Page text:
Now comes the stuff of real legend: how a newspaper editor and a police chief worked together to overcome one man's bureaucratic meltdown. "Then the chief of police, John McSweeney, in his big fur coat that was practically a trademark with him, came up and Papa repeated the agent's unbelievable statement," she continued in her account. " McSweeney was horrified. Papa asked if he had a gun and in rich Irish brogue McSweeney stated he had two of them. He opened his coat to show the revolvers strapped to his belt. Papa said: "Well, for God's sake, put one of them at the engineer's head if you have to, but let's get out of here!" <
While grandparents still love to regale kids with tales of how far they walked to school, Cloquet resident Holly Hart is concerned about the distances Cloquet students are required to walk, especially in the winter.
When an enthusiastic sports writer enters their lives asking to write a book about Clemmet's boxing days, he discovers some family secrets are better left buried. Director Joel Soukkala said the story builds toward some fairly startling twists. "The drama really unfolds toward the end," he said, admitting that the audience "might be a little shell-shocked or a bit speechless by the end."
City Finance Director Nancy Klassen said the bulk of the difference is approximately $4 million the city is taking from its reserves to finance the purchase and renovation of the Members Cooperative Credit Union building, which it plans to use as a combined city hall and police station next year.
The first Cromwell Stand Still Parade was a runaway success. "Most folks said this was the best way to have a parade because you had time to really see and walk around them," Jennie K. Hanson wrote in her weekly column, "Wright-Cromwell News." "Kids were able to come by with their bags for candy treats and there was no chance of anyone running out into traffic to pick up these treats."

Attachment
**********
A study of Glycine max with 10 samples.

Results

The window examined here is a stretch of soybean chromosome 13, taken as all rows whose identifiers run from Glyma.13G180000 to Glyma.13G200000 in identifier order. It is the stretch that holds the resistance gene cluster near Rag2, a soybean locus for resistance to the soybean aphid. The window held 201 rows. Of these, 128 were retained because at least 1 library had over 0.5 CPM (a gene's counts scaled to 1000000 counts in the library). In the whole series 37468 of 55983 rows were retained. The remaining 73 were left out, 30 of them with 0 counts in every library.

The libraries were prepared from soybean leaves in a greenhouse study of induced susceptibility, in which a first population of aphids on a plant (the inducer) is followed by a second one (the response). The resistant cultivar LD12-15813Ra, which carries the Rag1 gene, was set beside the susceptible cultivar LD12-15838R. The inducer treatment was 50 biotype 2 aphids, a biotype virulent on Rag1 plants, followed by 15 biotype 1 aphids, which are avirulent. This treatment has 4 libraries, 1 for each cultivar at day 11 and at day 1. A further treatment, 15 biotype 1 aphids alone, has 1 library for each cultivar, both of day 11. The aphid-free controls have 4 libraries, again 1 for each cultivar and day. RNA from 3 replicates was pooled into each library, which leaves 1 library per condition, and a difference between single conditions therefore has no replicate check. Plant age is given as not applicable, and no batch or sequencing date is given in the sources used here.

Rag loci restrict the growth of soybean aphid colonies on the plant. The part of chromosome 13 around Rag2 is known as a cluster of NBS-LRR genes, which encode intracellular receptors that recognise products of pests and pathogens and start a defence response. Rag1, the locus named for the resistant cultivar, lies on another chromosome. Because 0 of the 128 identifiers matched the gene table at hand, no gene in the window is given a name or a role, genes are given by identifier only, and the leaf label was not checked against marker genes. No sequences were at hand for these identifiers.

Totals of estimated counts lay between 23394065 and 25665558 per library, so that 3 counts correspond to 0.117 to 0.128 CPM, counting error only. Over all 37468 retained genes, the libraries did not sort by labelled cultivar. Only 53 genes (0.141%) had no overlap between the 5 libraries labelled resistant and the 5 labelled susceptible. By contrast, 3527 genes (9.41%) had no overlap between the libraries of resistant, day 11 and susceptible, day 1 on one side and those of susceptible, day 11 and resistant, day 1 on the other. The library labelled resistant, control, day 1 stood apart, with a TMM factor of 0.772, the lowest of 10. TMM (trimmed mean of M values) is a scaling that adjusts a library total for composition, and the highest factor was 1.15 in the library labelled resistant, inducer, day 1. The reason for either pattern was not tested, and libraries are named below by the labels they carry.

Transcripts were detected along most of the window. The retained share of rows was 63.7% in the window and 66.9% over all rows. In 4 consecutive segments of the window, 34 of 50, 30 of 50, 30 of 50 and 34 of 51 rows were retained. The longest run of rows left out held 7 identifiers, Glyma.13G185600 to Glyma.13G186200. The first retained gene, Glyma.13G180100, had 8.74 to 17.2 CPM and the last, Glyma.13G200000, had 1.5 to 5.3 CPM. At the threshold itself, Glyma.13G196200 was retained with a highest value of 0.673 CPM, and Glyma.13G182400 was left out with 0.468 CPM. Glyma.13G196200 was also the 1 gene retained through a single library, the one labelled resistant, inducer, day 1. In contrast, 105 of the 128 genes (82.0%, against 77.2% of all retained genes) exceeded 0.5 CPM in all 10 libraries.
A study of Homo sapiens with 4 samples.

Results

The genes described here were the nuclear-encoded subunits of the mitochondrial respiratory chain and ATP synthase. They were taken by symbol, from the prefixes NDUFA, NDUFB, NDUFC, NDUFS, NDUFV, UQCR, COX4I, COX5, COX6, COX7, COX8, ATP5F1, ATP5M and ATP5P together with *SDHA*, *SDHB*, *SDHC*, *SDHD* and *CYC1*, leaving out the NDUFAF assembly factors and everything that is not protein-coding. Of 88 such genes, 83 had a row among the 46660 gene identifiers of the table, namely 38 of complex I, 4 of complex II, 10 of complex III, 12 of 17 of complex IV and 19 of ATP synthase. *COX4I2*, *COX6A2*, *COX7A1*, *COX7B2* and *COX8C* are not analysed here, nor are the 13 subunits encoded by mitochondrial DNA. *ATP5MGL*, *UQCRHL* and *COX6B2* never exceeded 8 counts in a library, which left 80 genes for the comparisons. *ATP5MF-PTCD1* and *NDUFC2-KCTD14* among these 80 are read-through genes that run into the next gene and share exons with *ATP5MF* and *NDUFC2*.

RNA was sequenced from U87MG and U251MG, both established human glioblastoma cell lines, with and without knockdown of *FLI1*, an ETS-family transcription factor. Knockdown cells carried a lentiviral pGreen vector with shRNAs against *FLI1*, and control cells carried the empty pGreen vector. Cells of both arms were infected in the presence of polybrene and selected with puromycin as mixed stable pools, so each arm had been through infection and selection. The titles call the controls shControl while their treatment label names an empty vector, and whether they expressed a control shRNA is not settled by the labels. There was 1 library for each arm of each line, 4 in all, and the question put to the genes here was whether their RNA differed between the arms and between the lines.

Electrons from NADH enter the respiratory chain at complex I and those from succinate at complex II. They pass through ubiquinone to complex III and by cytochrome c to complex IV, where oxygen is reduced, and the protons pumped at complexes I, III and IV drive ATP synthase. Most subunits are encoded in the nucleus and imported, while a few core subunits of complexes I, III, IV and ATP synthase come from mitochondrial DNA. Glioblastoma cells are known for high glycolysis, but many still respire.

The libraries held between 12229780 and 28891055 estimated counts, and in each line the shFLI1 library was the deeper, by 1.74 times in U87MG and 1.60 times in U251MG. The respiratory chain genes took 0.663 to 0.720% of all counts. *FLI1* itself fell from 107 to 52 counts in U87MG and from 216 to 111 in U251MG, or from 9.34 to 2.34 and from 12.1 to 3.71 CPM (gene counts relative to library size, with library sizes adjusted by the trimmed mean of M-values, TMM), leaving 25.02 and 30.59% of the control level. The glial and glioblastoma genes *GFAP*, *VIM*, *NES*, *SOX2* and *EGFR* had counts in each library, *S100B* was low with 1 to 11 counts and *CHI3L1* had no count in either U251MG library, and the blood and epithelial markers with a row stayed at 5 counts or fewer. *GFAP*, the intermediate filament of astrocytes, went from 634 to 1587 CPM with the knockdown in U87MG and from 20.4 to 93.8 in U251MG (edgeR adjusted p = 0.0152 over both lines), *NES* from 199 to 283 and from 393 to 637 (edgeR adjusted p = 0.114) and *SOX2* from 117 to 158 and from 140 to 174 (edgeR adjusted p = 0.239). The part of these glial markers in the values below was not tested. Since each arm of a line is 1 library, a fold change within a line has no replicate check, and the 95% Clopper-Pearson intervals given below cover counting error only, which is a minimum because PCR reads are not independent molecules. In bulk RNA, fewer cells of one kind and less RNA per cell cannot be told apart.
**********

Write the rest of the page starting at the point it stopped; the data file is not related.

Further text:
Three of the recurring themes throughout the report were financial concerns in the face of declining enrollment, support for consolidation and collaboration with other school districts and a strong wish that the School Board not pass anymore non-voter-approved levies. Ultimately, the community advisers offered four broad goals, or "vision elements" to the board, which didn't specifically include or exclude the idea of consolidation:
Upon reopening the meeting, the council voted unanimously to permit staff to work with the county to finalize an agreement to sell the building for $750,000 payable over a five-year period. The city is selling because City Hall will be moving a block away in 2019.
In fact, Pine Valley needs more than tender loving care — it could use an infusion of local sales tax dollars like many of the other parks in Cloquet. Ski Club coach and former Nordic ski standout Pat Marciniak wondered if the City Council would consider working with the club to make some improvements at the nearly 60-year-old facility.
Lost Forester race winner Tom Anderson of Cloquet was the only "clean" finisher in the 8-mile race through the woods Labor Day morning. That doesn't mean that Anderson made it out without getting muddy, it simply means he was the only person who met all three standards of the unique scavenger-hunt-style race: finish in under three hours, get all the data cards as well as the forestry stick.
Politics are woven into the fabric of Labor Day in Cloquet, from the parade to the picnic to the folk singer's lyrics at the carnival. As such, a large number of politicians – ranging from local to federal candidates – made their way to this small northern Minnesota town to walk in the 99th annual Labor Day parade.